Researchers have provided more evidence of the accuracy of a recently developed gene-editing technique, showing that the method precisely induces site-specific DNA alterations in the genome. The study may have implications for gene therapy for conditions such as sickle cell anemia.
The paper, “Genome-wide target specificities of CRISPR RNA-guided programmable deaminases,” was published in the journal of Nature Biotechnology.
Currently, specific alterations in the genome are possible by using the third generation of gene-editing tools. So far, the most popular is CRISPR/Cas9, which cuts out a small DNA sequence at very specific regions. At the same time, it allows the insertion or deletion of nucleotides (basic components of DNA) into the genome.
Researchers fine-tuned the CRISPR/Cas9 technique to replace just one of the four basic DNA nucleotides: adenine (A), cytosine (C), guanine (G), and thymine (T). The new technique may correct single-nucleotide errors in DNA, known as point mutations.
Importantly, gene-editing tools have a probability of inducing mutations in nucleotide sequences that are very similar to the target gene sequence. They’re called off-target mutations.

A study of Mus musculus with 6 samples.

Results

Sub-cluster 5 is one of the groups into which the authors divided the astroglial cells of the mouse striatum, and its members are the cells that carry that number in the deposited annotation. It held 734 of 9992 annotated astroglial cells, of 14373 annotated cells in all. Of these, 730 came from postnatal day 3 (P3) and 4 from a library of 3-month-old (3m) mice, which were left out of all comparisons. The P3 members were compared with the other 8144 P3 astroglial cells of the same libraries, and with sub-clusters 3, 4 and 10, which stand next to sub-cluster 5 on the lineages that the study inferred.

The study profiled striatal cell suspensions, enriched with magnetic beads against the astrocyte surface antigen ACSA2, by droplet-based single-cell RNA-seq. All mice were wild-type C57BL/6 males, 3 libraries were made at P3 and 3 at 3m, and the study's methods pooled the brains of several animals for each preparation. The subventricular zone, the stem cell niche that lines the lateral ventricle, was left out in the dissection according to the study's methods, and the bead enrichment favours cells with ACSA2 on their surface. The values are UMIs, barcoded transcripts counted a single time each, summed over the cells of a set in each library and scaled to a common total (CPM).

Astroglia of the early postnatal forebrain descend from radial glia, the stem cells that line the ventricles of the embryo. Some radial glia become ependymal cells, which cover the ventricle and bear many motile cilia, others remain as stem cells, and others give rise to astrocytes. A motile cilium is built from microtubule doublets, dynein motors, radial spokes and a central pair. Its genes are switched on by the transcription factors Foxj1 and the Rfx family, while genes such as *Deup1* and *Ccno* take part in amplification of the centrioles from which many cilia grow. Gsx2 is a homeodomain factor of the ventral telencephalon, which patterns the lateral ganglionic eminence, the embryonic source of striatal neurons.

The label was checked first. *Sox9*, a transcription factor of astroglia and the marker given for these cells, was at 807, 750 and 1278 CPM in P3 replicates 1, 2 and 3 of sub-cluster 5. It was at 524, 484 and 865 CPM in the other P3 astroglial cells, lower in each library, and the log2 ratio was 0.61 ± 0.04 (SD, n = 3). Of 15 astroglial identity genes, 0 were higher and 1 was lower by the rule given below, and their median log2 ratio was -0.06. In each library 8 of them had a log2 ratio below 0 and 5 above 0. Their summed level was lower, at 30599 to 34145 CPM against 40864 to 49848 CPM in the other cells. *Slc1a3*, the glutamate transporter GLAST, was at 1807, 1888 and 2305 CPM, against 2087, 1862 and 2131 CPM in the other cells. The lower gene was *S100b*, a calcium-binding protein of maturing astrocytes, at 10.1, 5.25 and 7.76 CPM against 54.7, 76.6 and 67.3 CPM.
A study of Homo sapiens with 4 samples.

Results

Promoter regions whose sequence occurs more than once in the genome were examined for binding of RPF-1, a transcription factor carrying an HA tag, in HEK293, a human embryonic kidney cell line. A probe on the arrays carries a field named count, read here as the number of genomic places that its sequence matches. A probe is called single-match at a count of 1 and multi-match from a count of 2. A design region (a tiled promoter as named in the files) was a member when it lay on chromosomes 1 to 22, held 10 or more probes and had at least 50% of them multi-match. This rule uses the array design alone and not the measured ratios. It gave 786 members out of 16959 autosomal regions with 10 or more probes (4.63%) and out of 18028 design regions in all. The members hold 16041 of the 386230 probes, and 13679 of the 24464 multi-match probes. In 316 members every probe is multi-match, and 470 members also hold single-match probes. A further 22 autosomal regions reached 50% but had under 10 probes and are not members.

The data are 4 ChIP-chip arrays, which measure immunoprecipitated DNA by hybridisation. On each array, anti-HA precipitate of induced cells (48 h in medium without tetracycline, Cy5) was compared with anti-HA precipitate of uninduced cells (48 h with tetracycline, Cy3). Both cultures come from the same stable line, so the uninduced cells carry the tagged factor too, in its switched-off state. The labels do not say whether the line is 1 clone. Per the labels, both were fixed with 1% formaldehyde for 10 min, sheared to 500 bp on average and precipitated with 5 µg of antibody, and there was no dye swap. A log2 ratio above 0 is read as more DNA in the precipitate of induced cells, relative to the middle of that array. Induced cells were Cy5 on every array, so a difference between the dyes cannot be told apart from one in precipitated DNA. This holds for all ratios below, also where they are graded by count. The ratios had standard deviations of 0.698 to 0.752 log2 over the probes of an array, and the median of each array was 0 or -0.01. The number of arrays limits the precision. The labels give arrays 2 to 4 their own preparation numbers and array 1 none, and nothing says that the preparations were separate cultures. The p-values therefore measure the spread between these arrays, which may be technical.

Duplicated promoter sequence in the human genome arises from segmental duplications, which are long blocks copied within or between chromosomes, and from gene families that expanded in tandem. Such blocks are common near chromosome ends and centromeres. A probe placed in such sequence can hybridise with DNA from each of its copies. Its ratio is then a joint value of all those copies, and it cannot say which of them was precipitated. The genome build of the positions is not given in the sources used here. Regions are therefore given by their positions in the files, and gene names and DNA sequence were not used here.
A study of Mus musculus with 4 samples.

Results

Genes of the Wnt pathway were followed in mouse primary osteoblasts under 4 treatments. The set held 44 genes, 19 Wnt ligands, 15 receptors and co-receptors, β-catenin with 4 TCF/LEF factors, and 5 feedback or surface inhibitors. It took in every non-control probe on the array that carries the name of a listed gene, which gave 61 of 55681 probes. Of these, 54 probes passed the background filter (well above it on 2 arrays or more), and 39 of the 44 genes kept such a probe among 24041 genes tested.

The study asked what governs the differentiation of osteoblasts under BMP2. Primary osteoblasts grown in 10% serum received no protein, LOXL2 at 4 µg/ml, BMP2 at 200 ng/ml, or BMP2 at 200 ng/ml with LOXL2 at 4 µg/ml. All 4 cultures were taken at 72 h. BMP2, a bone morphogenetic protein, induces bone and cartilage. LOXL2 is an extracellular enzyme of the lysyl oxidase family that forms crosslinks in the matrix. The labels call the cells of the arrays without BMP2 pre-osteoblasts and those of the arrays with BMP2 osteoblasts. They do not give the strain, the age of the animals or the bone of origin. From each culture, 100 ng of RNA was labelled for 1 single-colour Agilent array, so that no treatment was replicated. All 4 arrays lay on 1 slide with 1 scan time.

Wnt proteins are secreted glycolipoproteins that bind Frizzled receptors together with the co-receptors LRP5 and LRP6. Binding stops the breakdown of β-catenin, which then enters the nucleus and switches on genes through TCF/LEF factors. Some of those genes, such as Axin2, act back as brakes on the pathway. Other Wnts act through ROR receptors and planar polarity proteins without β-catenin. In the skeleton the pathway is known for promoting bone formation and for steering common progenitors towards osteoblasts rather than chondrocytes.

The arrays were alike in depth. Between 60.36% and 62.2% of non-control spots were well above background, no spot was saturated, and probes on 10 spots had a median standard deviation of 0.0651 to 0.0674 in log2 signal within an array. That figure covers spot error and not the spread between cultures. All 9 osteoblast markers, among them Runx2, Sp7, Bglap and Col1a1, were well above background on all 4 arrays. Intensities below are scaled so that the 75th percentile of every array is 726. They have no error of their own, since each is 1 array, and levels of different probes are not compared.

In this study, researchers developed an informatics tool to assess the accuracy of single-nucleotide editing. They improved an existing computer program (Digenome 2.0) to identify off-targets in the entire genome. This computer software may also help increase the specificity of the nucleotide-editing.
“It is the first time that the accuracy of this base editor has been verified at the whole genome level,” Kim Jin-Soo, the leading author of this study, said in a press release.
The team found that the base editor technique is more accurate than CRISPR-Cas9 because it induces fewer off-target DNA changes. The base editing technique induced C-to-T conversions in 1 to 67 sites in the human genome, while CRISPR/Cas9 caused cleavages in 30 to 241 sites. “Therefore, it is expected that these base editors will be used as widely as the popular CRISPR technology,” Kim Jin-Soo said.
This new technique may offer a powerful approach to treat inherited genetic diseases associated with gene point mutations, such as sickle cell anemia. These patients have one of these point mutations in the β-globin chain of hemoglobin, and could have this mutation corrected by this technique.